From the inner cover flap of the book:
Alice Liddell Hargreaves’s life has been a richly woven tapestry: as a young woman, wife, mother, and widow, she’s experienced intense passion, great privilege, and greater tragedy. But as she nears her eighty-first birthday, she knows that, to the world around her, she is and will always be only “Alice.” Her life was permanently dog-eared at one fateful moment in her tenth year – the golden summer day she urged a grown-up friend to write down one of his fanciful stories.
That story, a wild tale of rabbits, queens, and a precocious young child, becomes a sensation the world over. Its author, a shy, stuttering Oxford professor, does more than immortalize Alice – he changes her life forever. But even he cannot stop time, as much as he might like to. And as Alice’s childhood slips away, a peacetime of glittering balls and royal romances gives way to the urgent tide of war.
For Alice, the stakes could not be higher, for she is the mother of three grown sons, soldiers all. Yet even as she stands to lose everything she treasures, one part of her will always be the determined, undaunted Alice of the story, who discovered that life beyond the rabbit hole was an astonishing journey.
A love story and a literary mystery, Alice I Have Been brilliantly blends fact and fancy to capture the passionate spirit of a woman who was truly worthy of her fictional alter ego, in a world as captivating as the Wonderland only she could inspire.
For anyone who knows me, I’m sure it’s no surprise that I have a wee bit of an obsession with Alice’s Adventures in Wonderland. I reread it recently (read the review), and still found a lot of magic in it, even though it did have some darker tones in it when you consider that it’s widely rumoured that Dodgson was a paedophile… But the story itself will always hold so much magic and beauty.
Alice I Have Been is a fictional look at Alice Liddell, her life, and her relationship with Charles Dodgson. Starting from when Alice is very young, we get the opportunity to get to know the Alice that Benjamin has portrayed, and discover how having a book written about her had a huge impact on her whole life. This book has been on my TBR list for a long time, and I recently picked it up at the library book sale. The long holiday weekend was the perfect opportunity to delve a little deeper and explore one fictionalization of the story of Alice.
The book is told in three parts – the first is when Alice is a young girl, when we see the creation of Alice’s Adventures in Wonderland, the second is when Alice is mid-twenties and in the middle of a romance with Prince Leopold, the third is after Alice has married Reginald Hargreaves and has had three boys. Each part holds it own separate feelings and themes to explore, but each of them weave together so seamlessly that it’s not hard to go from one part to the next without feeling the gap of years in between each section too much.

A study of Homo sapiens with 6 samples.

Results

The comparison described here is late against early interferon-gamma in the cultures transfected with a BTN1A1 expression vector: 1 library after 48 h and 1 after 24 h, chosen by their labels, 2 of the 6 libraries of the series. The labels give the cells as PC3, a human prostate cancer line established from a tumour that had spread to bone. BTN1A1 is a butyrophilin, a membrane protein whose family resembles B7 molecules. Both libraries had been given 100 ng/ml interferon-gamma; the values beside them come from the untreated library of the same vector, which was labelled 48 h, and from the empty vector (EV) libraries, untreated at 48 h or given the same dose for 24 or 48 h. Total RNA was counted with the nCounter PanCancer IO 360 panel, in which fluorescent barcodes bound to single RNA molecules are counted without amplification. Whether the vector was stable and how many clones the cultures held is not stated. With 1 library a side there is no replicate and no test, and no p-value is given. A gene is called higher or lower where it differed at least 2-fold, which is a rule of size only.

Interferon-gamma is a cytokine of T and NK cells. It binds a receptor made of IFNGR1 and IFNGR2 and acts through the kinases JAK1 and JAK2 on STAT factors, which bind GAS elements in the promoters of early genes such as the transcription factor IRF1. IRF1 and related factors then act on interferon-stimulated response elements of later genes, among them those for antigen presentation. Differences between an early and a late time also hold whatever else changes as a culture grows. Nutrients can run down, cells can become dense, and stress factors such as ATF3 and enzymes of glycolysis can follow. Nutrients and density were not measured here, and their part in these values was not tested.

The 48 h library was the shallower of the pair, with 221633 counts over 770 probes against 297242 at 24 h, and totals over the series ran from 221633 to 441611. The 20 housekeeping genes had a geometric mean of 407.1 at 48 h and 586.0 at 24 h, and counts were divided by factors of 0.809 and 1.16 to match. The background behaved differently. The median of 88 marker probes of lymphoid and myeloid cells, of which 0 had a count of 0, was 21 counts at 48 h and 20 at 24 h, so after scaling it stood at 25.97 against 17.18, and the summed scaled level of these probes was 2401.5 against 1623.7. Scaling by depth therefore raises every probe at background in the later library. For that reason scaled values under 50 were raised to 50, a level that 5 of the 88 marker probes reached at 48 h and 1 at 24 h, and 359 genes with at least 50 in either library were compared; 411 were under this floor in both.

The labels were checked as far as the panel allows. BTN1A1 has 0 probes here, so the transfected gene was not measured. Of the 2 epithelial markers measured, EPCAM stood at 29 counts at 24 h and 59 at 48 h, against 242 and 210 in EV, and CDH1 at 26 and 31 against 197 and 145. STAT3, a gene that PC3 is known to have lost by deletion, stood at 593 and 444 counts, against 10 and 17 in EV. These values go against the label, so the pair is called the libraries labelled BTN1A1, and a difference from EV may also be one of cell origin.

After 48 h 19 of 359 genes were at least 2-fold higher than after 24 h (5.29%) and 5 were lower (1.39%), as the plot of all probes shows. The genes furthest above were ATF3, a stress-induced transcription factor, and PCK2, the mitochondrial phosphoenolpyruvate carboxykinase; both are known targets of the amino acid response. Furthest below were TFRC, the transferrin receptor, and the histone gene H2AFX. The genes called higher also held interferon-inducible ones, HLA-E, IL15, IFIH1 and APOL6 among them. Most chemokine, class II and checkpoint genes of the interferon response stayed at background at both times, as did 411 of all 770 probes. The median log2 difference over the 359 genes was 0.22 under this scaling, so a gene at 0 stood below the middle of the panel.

On one hand, this was an absolutely beautiful story. But on the other hand, it really made me uneasy that I liked how it portrayed the relationship between Alice and Dodgson… It showed very much that he had feelings for Alice… but also that at 11 she believed she had feelings towards him as well . They weren’t sexual feelings, more like the kind that some girls that age have towards the magical price who will whisk them off their feet… She didn’t really understand that what was going on between the two of them was wrong, but she definitely liked the hold that she had over Dodgson. The way that Benjamin described some of Dodgson’s reactions to Alice, though understated were rather disturbing and bothering.
Because of my conflicting feelings, the first part of the story (about the creation of Alice’s Adventures in Wonderland and Alice’s relationship with Dodgson) was both my favourite part and my least favourite part of the book. It was both magical and heartbreaking.
The second part of the book very much explore what it was like first of all living in a community where everyone knew Alice was the girl who inspired Dodgson’s classic, while the third part explored what it was like to introduce a whole new generation of people to the real Alice. Going from the notoriety in one section of the book, to the almost anonymity in the second was quite the change, but it worked well with the different sides of Alice’s personality that Benjamin presented us with.
There were parts of the book that made me a little squeamish, but it was a book that made me keep reading and kept me needing to know what happens next (even though I really could have read a much more abridged and more real version Alice’s life on Wikipedia). While it didn’t move at a fast pace, and did skip some periods of Alice’s life completely, it was a beautiful meandering story.
The Bottom Line
Overall, I quite enjoyed this book and am very much looking forward to reading one of Benjamin’s other books. I’d definitely recommend this to fans of Alice’s Adventures in Wonderland.